By Erin Crowell
Jody Treter got involved in the global fair trade movement through a coffee connection.
Fair trade is a social movement that promotes sustainability in lesser-developed countries by providing fair pay to producers of exports such as clothing, tea, cocoa and coffee. As one of the original minds behind Higher Grounds, the fair trade coffee company based in Traverse City, Treter has taken on a new project called GoBe, a microlending program that connects locals with entrepreneurs in other countries -- often, the same who benefit from the fair trade movement.
We spoke with Treter by phone just before she and GoBe business partner Juliette Shultz were about to board a flight to Ecuador.
Northern Express: Tell us more about where you got the concept of GoBe.
Jody Treter: Chris (my ex-husband) and I started Higher Grounds as a result of living in Chiapas, Mexico in 2001-2002, and we learned that to pay people dignified wages was a way to help them earn enough money to make healthy choices for themselves and their families. This is opposed to the typical charity aid model, which is: you give people hand-outs and usually that money has some kind of agenda to it. If you earn money, then you can decide where to spend that money, whether its education or health care. In Chiapas, we found that we could help the coffee farmers earn a fair wage through Higher Grounds.
We started leading groups down there; and that connectionthat relationshipI think, changed peoples lives on this end because people found what it took to produce coffee.
NE: And that led you to GoBe?
Treter: One year ago, my friend (Juliette Schultz) and I started talking about creating a business that takes people to visit entrepreneurs in different countries and help to fund the entrepreneurial projects via micro loans. This is called person-to-person lending, meaning you could make a small loan; and in countries like Ecuadorwhich is where were headed to right now$25, $50 really goes a long way. Our idea is to eventually have a website where people can participate in micro loans and have the option to go meet the entrepreneur. There are other businesses out there that have the micro loans, but dont have the trip option.
ME: When people are taking these trips, what do you think they take from them?
Treter: Our goal is to support agrotourism and community-owned tourism. When they go to someplace like Ecuador, for example, they can meet someone that grows the raw form of chocolate. And theyll learn about the processing and the indigenous culture.
Theres going to be different themes. Some of the tours will involve medicinal plants or are conservation-oriented. Some of them will focus on music and culture. I have connections in Liberia and theres a bunch of artists there with a music cooperative, so well go there and learn about traditional music and how that culture uses music as a tool for social change.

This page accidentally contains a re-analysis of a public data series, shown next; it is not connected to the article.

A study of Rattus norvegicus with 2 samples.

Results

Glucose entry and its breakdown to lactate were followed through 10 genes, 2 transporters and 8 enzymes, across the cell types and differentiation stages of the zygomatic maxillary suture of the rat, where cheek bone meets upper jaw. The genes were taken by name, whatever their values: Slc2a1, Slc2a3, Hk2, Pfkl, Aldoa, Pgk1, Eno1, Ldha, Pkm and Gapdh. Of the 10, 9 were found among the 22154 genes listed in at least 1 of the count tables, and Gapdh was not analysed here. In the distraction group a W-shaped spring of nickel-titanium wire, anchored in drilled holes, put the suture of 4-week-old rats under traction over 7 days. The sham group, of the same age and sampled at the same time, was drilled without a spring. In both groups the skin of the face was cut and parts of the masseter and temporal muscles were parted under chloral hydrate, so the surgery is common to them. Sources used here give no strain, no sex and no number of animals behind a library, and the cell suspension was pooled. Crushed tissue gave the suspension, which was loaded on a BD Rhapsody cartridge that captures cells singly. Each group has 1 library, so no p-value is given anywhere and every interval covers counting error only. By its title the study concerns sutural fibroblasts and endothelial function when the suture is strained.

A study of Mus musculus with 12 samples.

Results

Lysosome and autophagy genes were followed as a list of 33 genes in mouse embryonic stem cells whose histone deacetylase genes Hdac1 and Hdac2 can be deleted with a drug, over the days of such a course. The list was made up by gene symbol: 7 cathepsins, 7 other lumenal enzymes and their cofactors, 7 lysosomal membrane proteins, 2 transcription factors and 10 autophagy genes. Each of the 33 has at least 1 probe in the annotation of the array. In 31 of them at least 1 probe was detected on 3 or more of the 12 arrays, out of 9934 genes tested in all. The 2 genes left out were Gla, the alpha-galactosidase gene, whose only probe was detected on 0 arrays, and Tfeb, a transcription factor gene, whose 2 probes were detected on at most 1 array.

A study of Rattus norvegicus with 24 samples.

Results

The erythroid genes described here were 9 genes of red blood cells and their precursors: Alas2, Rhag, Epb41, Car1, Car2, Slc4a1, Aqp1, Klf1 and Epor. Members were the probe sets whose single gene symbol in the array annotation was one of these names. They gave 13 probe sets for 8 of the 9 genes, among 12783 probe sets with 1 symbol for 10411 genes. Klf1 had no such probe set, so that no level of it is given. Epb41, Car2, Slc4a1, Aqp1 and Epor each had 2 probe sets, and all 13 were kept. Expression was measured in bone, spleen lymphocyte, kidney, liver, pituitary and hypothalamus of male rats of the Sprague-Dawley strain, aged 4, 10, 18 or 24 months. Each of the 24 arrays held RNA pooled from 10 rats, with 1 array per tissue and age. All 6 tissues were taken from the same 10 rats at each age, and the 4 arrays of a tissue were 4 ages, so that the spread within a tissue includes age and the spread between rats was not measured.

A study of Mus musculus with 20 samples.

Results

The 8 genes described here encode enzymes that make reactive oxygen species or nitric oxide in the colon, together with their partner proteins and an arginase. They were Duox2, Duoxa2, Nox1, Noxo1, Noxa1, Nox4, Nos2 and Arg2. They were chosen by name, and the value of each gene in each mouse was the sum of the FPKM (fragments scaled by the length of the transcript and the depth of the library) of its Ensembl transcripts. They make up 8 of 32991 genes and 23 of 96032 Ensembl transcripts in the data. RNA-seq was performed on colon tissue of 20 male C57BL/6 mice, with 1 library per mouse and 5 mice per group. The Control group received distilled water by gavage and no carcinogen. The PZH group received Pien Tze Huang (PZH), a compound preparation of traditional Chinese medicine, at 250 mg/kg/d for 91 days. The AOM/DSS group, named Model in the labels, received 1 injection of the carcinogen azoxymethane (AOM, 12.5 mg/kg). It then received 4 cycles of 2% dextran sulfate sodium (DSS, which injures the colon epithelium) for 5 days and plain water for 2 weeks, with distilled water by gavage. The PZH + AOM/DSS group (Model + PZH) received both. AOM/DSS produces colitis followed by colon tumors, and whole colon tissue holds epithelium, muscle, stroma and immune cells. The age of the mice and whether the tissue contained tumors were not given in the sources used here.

NE: Is there an end vision you see for yourself and the program?
Treter: The idea is to infuse money into local economies by supporting locally owned lodges, restaurants, tour companies anybody that we can support in a country.
The other priority is the support of indigenous people. The end goal is to connect people in the U.S. with other places in the world and support more sustainable, local economic models by infusing money. So instead of taking tourist dollars to places like Cancunthe bigger resort destinationsyou can have a more meaningful experience by getting to know a culture and putting your money into the local economy.
NE: About how much time do you put into this project?
Treter: Right now, its part-time. Were in our pilot project phase; but it will be a full-time job. Both Juliette and I are working part-time consulting jobs.
NE: If you had to pick a job title for yourself, would you say consultant? Humanitarian?
Treter: I would say social entrepreneur and Consultant.
NE: Do you have a favorite place youve visited?
Treter: Well, first of all, I love Traverse City and I love our community here; and I think we cant lose sight of that how wonderful the place that we live is. I have a fondness for the Mayan communities of Guatemala and Chiapas. (Chiapas) really changed the course of my life. To me, I dont know if its the place that struck me, but rather, the people. Every time I travel somewhere and I meet new people, its that connection with them that seems so valuable and thats why its such a hard question for me.
NE: Juliette, did you have anything you wanted to add about GoBe or your partnership with Jody?
Juliette Schultz: Jody and I have known each other for years and have circled around each other for years. She was working with a client of mine at Food for Thought (of Honor); and thats how we met. Now were just attached to each other and we just trail each other along. Its a great partnership.
I always remember back to last January where her and I were sitting in Poppycocks and she floated the idea past me; and I must have beenwell, I know I wasin a place where I felt like I was ready to help people outside the boundaries of Northern Michigan. Ive done a lot of business consulting and always felt connected to entrepreneurs. At some point, its almost like a flip-switch for me in my heart; and I just thought, You know what? Everyone is connected to one another, and I have that same desire to help people all around the world.
Its really been great and I think thats because this project comes from the heart.
Interested in getting involved with GoBe? Go to GoNowBeFree.wordpress.com and join the email list serve. There, you will find information on the first business partnership between Miriam Vasquez of Ecuador and Mimi Wheeler of Grocers Daughter Chocolates in Empire.